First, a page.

SANTA MONICA—Upwards of 1,000 people are expected to partake in the annual Greater Los Angeles Out of the Darkness Community Walk on Saturday, October 15 in support of local and national suicide prevention education and advocacy programs.

The walk—which is one of nearly 400 being held nationwide this year—is hosted by the local chapter of the American Foundation for Suicide Prevention (AFSP), whose ultimate goal is to reduce the rate of suicide—the 10th leading cause of death in the United States.

Registration is slated to open at 7:45 a.m. on Saturday. The walk will begin at 9 a.m. and end at approximately 11:30 a.m. The starting line will be located on 3rd Street Promenade at Wilshire Boulevard in Santa Monica.

‘We walk to raise awareness about this important health issue,” said AFSP Greater Los Angeles Area Director Traute Winters. “Suicide touches one in five American families. We hope that by walking, we save lives and bring hope to those affected by suicide.”

State of California suicide statistics (courtesy of AFSP).
State of California suicide statistics (courtesy of AFSP).

Speakers at this year’s Greater Los Angeles Out of the Darkness Community Walk will include:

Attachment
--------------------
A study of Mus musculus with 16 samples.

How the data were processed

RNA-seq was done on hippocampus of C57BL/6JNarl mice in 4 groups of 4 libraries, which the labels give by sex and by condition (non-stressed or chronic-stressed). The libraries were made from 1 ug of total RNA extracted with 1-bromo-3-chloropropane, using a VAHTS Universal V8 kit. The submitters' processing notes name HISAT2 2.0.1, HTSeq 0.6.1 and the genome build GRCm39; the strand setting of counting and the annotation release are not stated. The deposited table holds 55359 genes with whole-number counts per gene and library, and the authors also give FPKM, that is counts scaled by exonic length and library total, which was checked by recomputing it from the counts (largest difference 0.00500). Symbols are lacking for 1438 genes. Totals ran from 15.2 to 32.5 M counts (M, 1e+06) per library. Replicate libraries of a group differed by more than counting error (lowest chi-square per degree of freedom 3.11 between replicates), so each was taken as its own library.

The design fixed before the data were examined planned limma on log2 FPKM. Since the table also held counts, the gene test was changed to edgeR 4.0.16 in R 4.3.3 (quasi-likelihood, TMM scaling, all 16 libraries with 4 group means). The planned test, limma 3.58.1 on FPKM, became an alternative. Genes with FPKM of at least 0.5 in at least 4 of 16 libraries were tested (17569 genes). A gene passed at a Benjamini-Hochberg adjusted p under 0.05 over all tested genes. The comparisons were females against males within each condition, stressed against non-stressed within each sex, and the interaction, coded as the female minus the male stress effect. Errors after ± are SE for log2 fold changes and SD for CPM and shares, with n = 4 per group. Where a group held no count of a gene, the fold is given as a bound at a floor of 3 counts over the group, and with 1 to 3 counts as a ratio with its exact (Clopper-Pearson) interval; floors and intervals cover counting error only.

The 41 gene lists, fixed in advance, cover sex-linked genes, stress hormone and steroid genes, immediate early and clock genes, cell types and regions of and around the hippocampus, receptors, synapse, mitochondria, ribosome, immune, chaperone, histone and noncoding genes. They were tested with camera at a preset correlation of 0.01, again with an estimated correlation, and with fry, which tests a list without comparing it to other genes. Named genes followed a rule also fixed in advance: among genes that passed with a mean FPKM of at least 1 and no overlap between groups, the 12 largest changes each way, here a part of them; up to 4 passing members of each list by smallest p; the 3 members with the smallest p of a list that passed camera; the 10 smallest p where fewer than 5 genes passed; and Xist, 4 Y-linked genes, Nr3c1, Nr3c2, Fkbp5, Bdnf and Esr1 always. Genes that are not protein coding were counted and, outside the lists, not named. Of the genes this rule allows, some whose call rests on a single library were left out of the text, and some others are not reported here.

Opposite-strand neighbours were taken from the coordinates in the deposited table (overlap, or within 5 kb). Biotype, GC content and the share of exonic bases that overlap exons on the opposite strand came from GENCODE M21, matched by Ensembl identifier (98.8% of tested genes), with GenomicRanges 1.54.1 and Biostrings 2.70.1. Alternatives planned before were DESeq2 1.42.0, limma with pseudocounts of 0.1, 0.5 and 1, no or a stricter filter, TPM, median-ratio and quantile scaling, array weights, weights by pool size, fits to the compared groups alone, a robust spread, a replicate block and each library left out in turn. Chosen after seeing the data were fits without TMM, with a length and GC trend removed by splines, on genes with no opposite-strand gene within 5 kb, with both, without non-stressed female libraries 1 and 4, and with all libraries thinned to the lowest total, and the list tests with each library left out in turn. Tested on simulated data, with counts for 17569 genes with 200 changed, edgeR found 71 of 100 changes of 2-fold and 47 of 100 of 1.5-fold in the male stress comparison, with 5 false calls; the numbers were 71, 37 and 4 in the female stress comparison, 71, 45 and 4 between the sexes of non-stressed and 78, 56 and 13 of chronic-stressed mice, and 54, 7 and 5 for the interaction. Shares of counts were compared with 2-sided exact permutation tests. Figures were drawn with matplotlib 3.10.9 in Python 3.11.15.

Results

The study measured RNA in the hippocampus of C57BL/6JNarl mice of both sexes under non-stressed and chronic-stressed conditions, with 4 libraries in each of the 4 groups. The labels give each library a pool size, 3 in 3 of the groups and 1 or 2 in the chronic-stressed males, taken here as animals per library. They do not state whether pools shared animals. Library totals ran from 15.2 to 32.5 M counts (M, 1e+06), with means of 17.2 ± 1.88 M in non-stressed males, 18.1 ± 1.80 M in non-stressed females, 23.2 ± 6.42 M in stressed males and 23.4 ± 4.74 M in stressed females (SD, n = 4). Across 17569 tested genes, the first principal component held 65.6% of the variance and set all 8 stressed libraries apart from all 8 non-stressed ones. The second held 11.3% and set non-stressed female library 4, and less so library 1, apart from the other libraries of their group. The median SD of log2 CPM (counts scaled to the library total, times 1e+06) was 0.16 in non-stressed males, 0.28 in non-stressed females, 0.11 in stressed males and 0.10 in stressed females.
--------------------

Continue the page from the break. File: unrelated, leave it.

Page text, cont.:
• AFSP CEO Robert Gebbia
  • Anthony Cornelius, son of Don Cornelius of “Soul Train” fame, who died by suicide in 2012
  • Joan Arsanow of UCLA
  • Amy Robinson of Argosy University
  • California 2017, who lost her Grandmother to suicide

Local sponsors of the walk include:

  • Argosy University, as the Presenting Sponsor
  • Center of Discovery
  • Psi Upsilon Fraternity
  • Callas Rennsport
  • GoGaurdian
  • Roclord Studios
  • Venice Church

At last year’s Out of the Darkness event, the Greater Los Angeles Region AFSP Chapter raised upwards of $110,000 and had approximately 1,000 participants.

“These walks are about turning hope into action,” said AFSP CEO Robert Gebbia. “Suicide is a serious problem, but it’s a problem we can solve. The research has shown us how to fight suicide, and if we keep up the fight the science is only going to get better, our culture will get smarter about mental health, and we’ll be able to save more people from dying from depression and other mental health conditions.”

Organizers are confident that the event will attract a large crowd, and are encouraging the use of the Metro Expo Rail Line to get to and from downtown Santa Monica. The Expo station downtown is at the corner of 4th Street and Colorado Avenue, just two blocks from 3rd Street or about a 10-minute walk.

Parking for drivers is available at four parking structures (number one through four), although structures No. 1 and No. 2 are the closest walk. The first 90 minutes are free, $1.25 for the next hour and $1.85 each additional 30 minutes. The daily maximum is $17.50.